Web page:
Share Tank. It’s not our name for the fancy office aquarium we’ve recently acquired. Nor is it a revolutionary next step in the development of community-oriented, collaborative warfare. Rather, it’s our attempt to offer a platform where Vienna’s Sharing community can get together, discuss current developments, problems and ideas and lay the foundation for practical solutions. It’s also a possibility for people who haven’t heard a lot of this ‚Sharing‘ shebang yet to plug in and get a good introduction on where we stand and what current issues are.
So last week, our friends at Co-Space let us conquer their facilities for an evening to host the first one of these events – and we’re happy to report that it was a success! Between forty and fifty people chose to brave the stifling heat to check out what all the fuzz was about. For this introductory event, the schedule was basically split in two parts: first off was a panel discussion with invited members of Viennese Sharing movements, then came a discussion round involving everyone.
Our panel consisted of Vienna Shares’ very own Mirjam de Klepper, FragNebenan’s Stefan Theißbacher, and Urban Geographer/ TEDx curator Joshua Grigsby (who insisted he’s not exactly part of the Sharing movement, more interested in it on a personal and academic level). Hosting this trio and their discussions was Impact Hub team member and Social Impact Award Coordinator Diego Heatherman. Each of the panel speakers got a couple of minutes to present their experiences with and interpretations of Sharing as well as their thoughts on terms like Sharing Economy and Collaborative Consumption. Stefan elaborated a bit on his project’s focus on the neighborhood as one basis for sharing, Mirjam spoke about ViennaShares’ intention to bring about more connection between individual Sharing projects in Vienna, while Josh focused on the Sharing Economy as a predominantly urban phenomenon.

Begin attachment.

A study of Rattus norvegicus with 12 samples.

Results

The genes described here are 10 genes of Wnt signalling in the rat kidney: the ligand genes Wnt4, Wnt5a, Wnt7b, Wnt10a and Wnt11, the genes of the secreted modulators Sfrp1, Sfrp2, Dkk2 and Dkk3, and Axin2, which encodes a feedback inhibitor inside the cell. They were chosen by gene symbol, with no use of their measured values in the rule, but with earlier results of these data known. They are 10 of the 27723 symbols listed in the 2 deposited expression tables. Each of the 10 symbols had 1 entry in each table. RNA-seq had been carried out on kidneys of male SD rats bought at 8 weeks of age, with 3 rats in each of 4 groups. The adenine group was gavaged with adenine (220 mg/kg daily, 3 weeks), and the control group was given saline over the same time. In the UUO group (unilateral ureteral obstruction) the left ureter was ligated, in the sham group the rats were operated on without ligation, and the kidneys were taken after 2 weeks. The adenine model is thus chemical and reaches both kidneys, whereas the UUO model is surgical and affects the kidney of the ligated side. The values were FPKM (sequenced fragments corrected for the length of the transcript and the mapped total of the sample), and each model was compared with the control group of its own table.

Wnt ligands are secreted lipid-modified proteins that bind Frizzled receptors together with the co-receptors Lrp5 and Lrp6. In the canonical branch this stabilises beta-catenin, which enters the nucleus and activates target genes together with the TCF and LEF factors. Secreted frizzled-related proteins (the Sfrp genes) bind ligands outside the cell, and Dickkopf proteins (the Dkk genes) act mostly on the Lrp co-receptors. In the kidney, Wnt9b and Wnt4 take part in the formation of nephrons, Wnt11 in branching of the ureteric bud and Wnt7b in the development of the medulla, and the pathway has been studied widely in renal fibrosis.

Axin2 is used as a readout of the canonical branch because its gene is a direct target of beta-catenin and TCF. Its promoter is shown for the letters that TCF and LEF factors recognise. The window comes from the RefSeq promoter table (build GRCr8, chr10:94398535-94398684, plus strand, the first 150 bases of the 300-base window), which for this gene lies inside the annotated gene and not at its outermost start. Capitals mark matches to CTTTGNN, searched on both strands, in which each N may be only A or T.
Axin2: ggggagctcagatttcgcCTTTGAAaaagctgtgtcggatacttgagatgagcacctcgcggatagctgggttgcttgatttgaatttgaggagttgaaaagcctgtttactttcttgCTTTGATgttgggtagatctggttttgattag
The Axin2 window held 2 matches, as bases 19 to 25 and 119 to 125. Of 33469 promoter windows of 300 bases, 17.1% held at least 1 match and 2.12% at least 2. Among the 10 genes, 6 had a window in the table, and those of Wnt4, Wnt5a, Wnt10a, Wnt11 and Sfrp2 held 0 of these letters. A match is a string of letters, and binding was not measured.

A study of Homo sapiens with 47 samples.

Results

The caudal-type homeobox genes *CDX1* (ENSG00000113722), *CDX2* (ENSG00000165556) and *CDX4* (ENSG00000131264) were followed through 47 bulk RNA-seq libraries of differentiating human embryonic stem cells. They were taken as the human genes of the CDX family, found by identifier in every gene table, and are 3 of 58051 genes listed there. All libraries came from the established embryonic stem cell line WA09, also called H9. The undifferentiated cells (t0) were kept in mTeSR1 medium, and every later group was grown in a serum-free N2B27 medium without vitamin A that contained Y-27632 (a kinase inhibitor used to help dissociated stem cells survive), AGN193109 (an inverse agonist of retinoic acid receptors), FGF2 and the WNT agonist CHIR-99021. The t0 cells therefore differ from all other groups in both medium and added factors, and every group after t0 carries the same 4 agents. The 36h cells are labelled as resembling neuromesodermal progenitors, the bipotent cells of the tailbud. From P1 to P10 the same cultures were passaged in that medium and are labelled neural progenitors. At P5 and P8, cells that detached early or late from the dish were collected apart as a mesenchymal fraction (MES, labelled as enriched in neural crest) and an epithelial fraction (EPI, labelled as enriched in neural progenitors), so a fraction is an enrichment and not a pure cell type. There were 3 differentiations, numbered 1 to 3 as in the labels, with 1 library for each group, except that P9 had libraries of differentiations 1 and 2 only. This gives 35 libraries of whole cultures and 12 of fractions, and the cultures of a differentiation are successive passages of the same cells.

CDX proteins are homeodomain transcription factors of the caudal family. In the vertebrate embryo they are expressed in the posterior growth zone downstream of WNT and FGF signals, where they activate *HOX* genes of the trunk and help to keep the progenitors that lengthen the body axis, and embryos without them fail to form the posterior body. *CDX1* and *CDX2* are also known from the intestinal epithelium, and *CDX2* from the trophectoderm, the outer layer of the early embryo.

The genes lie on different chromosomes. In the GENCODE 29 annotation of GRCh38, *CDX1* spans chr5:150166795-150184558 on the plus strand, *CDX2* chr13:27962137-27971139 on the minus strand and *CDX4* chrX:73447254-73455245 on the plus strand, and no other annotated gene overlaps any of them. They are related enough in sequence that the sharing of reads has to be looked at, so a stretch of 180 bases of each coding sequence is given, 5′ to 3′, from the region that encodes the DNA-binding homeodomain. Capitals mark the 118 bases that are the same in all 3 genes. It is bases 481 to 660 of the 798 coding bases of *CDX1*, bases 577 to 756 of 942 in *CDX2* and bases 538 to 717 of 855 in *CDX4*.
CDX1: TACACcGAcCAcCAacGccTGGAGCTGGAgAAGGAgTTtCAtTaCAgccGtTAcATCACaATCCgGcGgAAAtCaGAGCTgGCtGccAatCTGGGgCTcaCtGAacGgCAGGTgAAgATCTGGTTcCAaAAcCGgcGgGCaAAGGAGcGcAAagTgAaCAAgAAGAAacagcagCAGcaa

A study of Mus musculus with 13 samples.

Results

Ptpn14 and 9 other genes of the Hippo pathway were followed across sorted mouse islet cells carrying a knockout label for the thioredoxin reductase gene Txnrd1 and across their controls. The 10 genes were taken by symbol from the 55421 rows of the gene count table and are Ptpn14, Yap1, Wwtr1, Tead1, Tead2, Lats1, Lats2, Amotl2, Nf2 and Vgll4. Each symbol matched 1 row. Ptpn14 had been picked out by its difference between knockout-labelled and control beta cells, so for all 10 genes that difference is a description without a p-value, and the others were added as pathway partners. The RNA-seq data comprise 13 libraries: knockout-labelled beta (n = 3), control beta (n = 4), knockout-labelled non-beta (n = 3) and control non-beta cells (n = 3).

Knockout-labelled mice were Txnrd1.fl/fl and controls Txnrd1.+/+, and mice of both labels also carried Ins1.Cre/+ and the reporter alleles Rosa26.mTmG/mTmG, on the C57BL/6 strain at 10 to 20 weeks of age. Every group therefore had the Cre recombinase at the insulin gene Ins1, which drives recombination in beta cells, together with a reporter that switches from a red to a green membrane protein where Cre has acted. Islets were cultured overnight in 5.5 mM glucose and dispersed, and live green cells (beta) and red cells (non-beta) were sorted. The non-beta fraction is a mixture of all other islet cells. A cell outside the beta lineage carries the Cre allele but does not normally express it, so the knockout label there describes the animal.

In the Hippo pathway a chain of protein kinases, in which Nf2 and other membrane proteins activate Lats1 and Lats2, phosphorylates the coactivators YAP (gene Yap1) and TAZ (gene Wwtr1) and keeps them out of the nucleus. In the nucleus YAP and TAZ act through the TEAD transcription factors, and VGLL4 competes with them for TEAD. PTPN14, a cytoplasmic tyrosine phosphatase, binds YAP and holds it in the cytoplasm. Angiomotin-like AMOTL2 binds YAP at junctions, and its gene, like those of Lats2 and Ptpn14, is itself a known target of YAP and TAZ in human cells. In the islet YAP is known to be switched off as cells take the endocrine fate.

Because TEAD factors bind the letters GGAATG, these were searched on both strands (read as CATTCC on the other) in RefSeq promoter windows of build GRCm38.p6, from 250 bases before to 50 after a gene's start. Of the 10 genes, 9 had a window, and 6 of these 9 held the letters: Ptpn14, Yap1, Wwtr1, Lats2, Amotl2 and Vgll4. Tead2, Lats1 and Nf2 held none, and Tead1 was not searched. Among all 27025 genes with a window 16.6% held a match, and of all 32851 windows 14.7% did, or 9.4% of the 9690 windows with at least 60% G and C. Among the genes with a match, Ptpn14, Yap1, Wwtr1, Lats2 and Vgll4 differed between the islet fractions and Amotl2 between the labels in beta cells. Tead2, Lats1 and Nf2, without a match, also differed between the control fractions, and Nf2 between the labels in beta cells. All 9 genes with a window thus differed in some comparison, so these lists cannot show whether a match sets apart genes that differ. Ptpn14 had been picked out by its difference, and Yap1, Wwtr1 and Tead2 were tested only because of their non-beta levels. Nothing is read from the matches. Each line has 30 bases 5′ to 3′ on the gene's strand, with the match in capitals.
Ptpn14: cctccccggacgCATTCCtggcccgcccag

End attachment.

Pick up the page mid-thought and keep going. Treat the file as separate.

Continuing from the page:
One of Josh’s points about how academic literature has problems pinning down what the ‘Sharing Economy’ actually is carried over directly into the open discussion. Everybody seems to have a vague idea about it, but there are always different emphases. Is Sharing mostly a counter-initiative against urban isolation? Is it an economic alternative to a world-system focused too much on consumption? Linked to that, isn’t there a pronounced ecological side to it in that less consumption means less pollution? If Sharing means non-profit, can we include companies like Uber and Airbnb in the concept of a Sharing Economy or do we have to use a different term altogether?
As was to be expected in an introductory event, there were way more questions than could be answered – especially as these are the kind of questions that lack a fixed answer. So what is the future of our Share Tank? Seeing as we’re really happy with how this turned out, and the feedback during and after the event was so positive, we definitely plan on making this a regular thing. One of the things we’ve discussed for the future is taking on a more narrow thematic focus for each of these gatherings. What’s more is that we want to put more effort into involving the community as well as looking for practical solutions to problems, so we’re thinking of going away from the panel approach a bit and introducing more workshop elements.
We already have some ideas for upcoming Share Tank topics and agendas, but if there’s an issue you think the Sharing movement should tackle, please let us know in comments! Our Share Tank is bound to return. Watch this space.